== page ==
A wildlife app launched by the Bumblebee Conservation Trust gives users a new view of bumblebees through an augmented reality 3D function.

The free ‘What’s That Bumblebee’ app lets people engage with nature in a different and fun way by bringing a three-dimensional bumblebee to virtual life in the user’s own garden or living room, for studying in detail and with the option of capturing images to send to family and friends.

The app also makes it easy for bumblebee-beginners to identify which of the UK’s most common eight species of these important pollinating insects may be buzzing around their garden or local park.

“In these difficult times, lots of people have been appreciating nature and wanting to find out more. What’s That Bumblebee makes it easy for people of all ages to discover and identify different bumblebees visiting their gardens, outdoor spaces, parks or window boxes,” said Andy Benson, the Bumblebee Conservation Trust’s Education Officer.

The app is available for Apple and Android, and works on compatible phones and tablets. It was developed by the Trust, with National Lottery Heritage Fund support.

In total there are 24 bumblebee species in the UK, but the most common ‘Big 8’ that people are most likely to see in their garden or park are the Buff-tailed bumblebee, Common carder bee, Early bumblebee, Garden bumblebee, Heath bumblebee, Red-tailed bumblebee, Tree bumblebee and White-tailed bumblebee.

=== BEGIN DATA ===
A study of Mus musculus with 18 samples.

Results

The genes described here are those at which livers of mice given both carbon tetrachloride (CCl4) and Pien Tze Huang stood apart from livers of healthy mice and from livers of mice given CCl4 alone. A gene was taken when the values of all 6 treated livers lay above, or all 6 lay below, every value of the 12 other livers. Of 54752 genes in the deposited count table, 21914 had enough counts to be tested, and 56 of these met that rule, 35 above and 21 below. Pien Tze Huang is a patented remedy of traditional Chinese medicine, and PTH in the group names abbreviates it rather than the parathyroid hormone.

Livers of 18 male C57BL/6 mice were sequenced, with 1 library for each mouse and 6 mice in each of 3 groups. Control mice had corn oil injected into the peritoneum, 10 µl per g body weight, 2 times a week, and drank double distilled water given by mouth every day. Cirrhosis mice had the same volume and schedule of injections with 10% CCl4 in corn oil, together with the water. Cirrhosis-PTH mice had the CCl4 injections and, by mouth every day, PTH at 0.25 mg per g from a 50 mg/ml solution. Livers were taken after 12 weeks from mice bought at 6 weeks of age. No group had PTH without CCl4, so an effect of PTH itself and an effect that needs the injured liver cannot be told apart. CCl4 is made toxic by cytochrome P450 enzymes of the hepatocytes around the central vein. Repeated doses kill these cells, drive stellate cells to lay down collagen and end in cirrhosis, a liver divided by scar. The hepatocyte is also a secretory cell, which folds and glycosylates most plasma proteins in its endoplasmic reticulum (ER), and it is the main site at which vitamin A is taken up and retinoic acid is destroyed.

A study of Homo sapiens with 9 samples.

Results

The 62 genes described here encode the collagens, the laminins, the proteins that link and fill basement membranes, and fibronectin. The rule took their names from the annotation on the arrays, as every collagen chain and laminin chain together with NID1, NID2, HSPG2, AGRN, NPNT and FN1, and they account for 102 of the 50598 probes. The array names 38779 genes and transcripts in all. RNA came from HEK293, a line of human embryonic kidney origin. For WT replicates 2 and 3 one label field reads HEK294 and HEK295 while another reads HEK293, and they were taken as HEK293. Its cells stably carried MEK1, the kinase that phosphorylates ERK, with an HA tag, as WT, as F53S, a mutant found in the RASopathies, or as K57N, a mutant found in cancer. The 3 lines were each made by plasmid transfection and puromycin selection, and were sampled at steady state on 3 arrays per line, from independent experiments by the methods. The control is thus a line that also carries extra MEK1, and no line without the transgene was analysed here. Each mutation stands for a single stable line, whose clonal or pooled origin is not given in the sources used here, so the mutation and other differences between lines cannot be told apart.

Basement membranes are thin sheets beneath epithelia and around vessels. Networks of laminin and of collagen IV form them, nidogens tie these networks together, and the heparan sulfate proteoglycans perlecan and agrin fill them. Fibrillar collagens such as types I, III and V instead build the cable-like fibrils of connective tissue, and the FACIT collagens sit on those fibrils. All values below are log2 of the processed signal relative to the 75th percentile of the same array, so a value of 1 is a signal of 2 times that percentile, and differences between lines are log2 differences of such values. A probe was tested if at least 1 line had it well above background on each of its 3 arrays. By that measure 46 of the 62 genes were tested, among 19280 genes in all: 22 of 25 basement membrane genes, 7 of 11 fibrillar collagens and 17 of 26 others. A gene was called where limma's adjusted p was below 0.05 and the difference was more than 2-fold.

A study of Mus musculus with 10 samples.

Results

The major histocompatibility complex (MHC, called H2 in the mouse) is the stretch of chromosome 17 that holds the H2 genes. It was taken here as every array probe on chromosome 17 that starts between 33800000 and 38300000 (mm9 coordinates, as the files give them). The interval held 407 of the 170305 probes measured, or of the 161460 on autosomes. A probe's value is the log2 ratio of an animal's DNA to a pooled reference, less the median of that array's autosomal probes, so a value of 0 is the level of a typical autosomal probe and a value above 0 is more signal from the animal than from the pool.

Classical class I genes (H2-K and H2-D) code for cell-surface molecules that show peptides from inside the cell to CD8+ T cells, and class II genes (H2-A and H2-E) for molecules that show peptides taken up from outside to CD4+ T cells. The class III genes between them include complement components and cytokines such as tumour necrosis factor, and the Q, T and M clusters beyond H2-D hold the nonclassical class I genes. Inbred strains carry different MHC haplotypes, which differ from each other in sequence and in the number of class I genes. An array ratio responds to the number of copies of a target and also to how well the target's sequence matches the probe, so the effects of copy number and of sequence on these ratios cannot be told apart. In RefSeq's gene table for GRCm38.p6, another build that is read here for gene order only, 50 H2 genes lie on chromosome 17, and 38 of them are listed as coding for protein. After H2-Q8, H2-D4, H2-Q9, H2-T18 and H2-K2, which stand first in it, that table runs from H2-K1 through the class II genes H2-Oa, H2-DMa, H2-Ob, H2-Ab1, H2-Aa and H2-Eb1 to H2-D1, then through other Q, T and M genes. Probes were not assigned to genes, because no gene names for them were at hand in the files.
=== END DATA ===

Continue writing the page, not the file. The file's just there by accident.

App brings bumblebees to life on your phoneWhat’s That Bumblebee offers a brief description of these eight species, and allows users to compare similar species side-by-side.

“We’ve received lots of enquiries from people who’ve had more time to notice bumblebees because of the lockdown and want to find out more, and this app is a great way of doing that. Kids and adults will love seeing a virtual bumblebee in their front room or outdoor space, and being able to capture a photo of it to study – while also being able to go out on their own local mini-safaris to discover our ‘Big 8’ bumblebees in real life,” said Gill Perkins, Chief Executive of the Bumblebee Conservation Trust.

People are being encouraged to share images from the app on social media using the hashtag #whatsthatbumblebee

Anne Jenkins, Director, England, Midlands & East at The National Lottery Heritage Fund, said: “It’s wonderful to support this educational and interactive app thanks to the generosity of National Lottery players, and we’re sure it will inspire people to discover more about our precious bumblebees!”

Furry and brightly coloured, bumblebees are icons of the British summer. These important pollinators of our fruit and veg contribute a huge amount to the British economy. One in three mouthfuls of food are due to the hard work of pollinating insects.

But UK bumblebee populations have crashed, and two species have become extinct in the last 80 years. Loss of flower-rich habitat is the biggest threat to their survival, with 97% of our wildflower meadows lost since the 1940s. Climate change, disease and pesticides may also be major threats. The Trust encourages people to make gardens, parks and green spaces bumblebee-friendly.

What’s That Bumblebee can be downloaded for free at the Apple App Store or Google Play.

To find out more, visit bumblebeeconservation.org.